The Biker Battle of Twin Peaks: What Was That All About?

A Waco, Texas, Police Department photo shows police investigators at the Twin Peaks restaurant where nine people died and 18 were injured in a May 17 shootout between biker gangs. Waco Police Department/Reuters

If you thought violent biker gangs were a relic of the Altamont era, the shootout at a Waco, Texas, restaurant on May 17 might have come as a shock.

A long-simmering beef between the Bandidos and Cossacks boiled over into gunfire. When police arrived at the scene, gang members shot at them too, leaving nine bikers dead, 18 people injured, and 170 suspects in police custody. Over 100 weapons have been confiscated.

The scale of this incident dwarfs a typical urban gang confrontation, says Harold Pollack, co-director of the University of Chicago Crime Lab and an expert on gangs and guns. We talked to Pollack about why biker gang violence typically gets so little attention. He believes the Waco incident confounds our expectations regarding the race and geographic location of people who perpetrate crime, causing us to see biker gangs as more of a "curiosity" than a threat.

How does the shootout in Waco differ from the gang violence you study in Chicago?

I have never encountered a gang incident in Chicago remotely like this. The number of perpetrators involved—not to mention the nine deaths—far exceed the typical urban-gang-related shooting. Maybe there was some gang incident in Chicago like this decades ago. But this sort of pitched battle? I've never heard of anything like it. If these biker gang members were nonwhite, I think this would cause a national freak-out.

One of the shocking parts of this incident is that after the police arrived, there was a gunfight between the gang members and the authorities.

Urban gangs and criminal organizations very rarely get into gun battles with police. They certainly have access to powerful weaponry. Police around the country periodically capture large caches of AR-15s and other weapons in cities. Yet when they break down the door to a gang safe house or a drug location in a city, whatever weapons might be piled on a mattress in the adjoining room are left where they are. They aren't picked up and used to attack the police. The people who do attack police are typically cornered individuals or people with serious mental health problems.

These biker gangs have a long history in organized crime. They began with restless, traumatized veterans returning home after World War II. Today, biker gangs still act as a sort of private militia that police can't always control, patrolling festivals and other events. Why don't we pay more attention to them?

Geography may be part of the answer. There are not a lot of outlaw biker gangs in gentrifying Brooklyn and other key media centers. Of course, the number of deaths is lower overall with these groups. You don't have the daily deluge of homicides the way we would in Chicago. But I do think that our views about urban crime are so framed by race and inequality in a variety of ways. When criminal activity seems unrelated to these factors, it doesn't hit our national dopamine receptors in quite the same way. People tend to view these motorcycle gangs as a kind of curiosity.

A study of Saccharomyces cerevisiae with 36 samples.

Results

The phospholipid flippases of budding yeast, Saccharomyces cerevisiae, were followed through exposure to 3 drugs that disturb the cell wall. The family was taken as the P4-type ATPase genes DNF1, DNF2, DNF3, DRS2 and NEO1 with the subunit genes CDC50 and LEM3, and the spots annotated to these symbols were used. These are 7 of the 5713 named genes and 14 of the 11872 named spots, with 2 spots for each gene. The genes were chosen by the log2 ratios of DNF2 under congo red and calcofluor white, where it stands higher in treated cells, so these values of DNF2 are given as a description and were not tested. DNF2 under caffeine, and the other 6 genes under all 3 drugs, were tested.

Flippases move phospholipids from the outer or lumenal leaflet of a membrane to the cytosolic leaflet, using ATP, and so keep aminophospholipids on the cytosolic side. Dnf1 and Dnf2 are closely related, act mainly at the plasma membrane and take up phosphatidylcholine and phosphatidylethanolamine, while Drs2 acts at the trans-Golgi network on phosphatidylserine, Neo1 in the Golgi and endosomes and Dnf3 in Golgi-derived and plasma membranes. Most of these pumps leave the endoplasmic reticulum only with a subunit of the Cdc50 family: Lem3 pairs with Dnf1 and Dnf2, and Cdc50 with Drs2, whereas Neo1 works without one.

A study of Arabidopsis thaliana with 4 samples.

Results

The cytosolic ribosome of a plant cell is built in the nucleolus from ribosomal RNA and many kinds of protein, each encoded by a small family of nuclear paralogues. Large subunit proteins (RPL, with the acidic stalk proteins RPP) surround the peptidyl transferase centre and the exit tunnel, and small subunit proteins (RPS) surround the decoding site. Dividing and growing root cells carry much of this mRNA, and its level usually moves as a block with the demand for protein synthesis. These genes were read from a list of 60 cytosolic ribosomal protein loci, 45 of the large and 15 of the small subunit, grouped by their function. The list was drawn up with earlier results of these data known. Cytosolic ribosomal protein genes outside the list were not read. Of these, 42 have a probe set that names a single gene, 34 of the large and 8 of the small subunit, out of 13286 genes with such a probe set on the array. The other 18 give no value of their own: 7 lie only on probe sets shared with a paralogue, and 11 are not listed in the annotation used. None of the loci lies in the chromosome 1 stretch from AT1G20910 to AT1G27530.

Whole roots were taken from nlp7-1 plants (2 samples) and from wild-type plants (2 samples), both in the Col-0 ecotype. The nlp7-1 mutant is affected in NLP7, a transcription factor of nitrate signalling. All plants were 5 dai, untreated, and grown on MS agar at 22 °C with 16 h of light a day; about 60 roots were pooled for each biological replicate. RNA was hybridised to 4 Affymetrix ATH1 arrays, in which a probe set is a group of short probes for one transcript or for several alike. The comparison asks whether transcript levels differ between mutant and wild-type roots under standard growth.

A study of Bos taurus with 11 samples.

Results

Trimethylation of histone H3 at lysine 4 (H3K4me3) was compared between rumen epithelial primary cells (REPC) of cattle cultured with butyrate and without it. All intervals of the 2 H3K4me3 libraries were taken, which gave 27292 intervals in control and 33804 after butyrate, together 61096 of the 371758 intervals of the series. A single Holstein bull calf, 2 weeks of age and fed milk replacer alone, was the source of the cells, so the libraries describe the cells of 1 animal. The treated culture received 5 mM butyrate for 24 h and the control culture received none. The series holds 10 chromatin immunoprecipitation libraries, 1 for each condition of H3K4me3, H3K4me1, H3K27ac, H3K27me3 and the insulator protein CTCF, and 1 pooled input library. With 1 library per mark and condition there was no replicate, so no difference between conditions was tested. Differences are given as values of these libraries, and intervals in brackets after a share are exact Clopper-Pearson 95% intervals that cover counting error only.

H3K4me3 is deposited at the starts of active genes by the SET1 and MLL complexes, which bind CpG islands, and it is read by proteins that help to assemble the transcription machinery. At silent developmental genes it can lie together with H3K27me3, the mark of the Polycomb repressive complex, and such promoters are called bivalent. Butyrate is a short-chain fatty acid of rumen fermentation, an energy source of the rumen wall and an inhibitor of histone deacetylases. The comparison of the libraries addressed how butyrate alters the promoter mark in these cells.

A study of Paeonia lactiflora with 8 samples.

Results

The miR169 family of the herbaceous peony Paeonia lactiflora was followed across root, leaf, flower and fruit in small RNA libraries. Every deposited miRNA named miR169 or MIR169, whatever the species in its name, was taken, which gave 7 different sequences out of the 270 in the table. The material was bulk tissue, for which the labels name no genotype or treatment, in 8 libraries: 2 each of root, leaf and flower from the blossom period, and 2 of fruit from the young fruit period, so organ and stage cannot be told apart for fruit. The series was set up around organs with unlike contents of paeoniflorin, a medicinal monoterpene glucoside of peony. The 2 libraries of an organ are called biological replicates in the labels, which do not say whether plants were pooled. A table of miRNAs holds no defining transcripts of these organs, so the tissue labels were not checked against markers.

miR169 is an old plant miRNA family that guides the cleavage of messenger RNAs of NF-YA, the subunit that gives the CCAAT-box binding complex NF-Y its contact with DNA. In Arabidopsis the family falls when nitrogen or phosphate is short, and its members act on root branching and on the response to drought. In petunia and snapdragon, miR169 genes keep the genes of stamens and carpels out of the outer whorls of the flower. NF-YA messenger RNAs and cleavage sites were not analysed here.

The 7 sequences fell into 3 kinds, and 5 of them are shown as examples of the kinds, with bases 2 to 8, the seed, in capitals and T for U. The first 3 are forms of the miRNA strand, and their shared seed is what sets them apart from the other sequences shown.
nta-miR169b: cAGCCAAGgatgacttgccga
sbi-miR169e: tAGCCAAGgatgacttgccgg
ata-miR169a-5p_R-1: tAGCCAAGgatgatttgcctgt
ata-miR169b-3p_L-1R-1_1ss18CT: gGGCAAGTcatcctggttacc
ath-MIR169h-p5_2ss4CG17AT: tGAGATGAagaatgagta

So are the biker gangs a real problem, in your view?

I don't know. Some outlaw biker gangs have certainly sold a lot of meth or been involved in other drug distribution. There is something very 1971 Rolling Stone about this scene. I couldn't quite believe it when I read this news.

The police in Waco recovered 100 weapons. Is that concentration of weapons something you've seen in Chicago?

We have widespread illegal gun challenges, but 100 weapons at one crime scene is absolutely remarkable.

How do gun laws play into the scale of the Waco incident versus urban gun violence? In Texas, it has been legal to carry a concealed, licensed weapon since 1995. On Monday, the day after the shootout, the Texas Senate debated a bill that passed the House in April that would allow open carrying of guns, and would prevent police officers from asking individuals if they have a license.

More stringent regulation of underground gun markets to prevent prohibited people from gaining access to guns would be very helpful. You do that through better law enforcement and policy interventions to block access to guns among people who are already "prohibited possessors"—legally barred from possessing these weapons. No one strategy will dramatically address the problem. But improved background checks and a variety of policing strategies appear promising to deter this type of crime. So do laws that deter people who do own illegal guns from carrying these weapons on the street or in a bar if they happen to get into some altercation.

The Bandidos are an international organization. One infamous 1996 shooting between them and the Hells Angels took place in Copenhagen. Do any Chicago gangs have such far-flung affiliates?

Yes, some do have far-flung connections, particularly in South and Central America. That's a virtually inevitable byproduct of a globalized world.

This piece has been updated to indicate that a bill allowing open carrying of guns has passed in the Texas House but is currently being debated in the Senate.

Dana Goldstein is a Marshall Project staff writer. She writes Justice Lab and reports on the intersection of education and criminal justice. She is the author of The Teacher Wars: A History of America's Most Embattled Profession.

This article was originally published by the Marshall Project, a nonprofit news organization focused on the U.S. criminal justice system. You can sign up for its newsletter or follow the Marshall Project on Facebook or Twitter.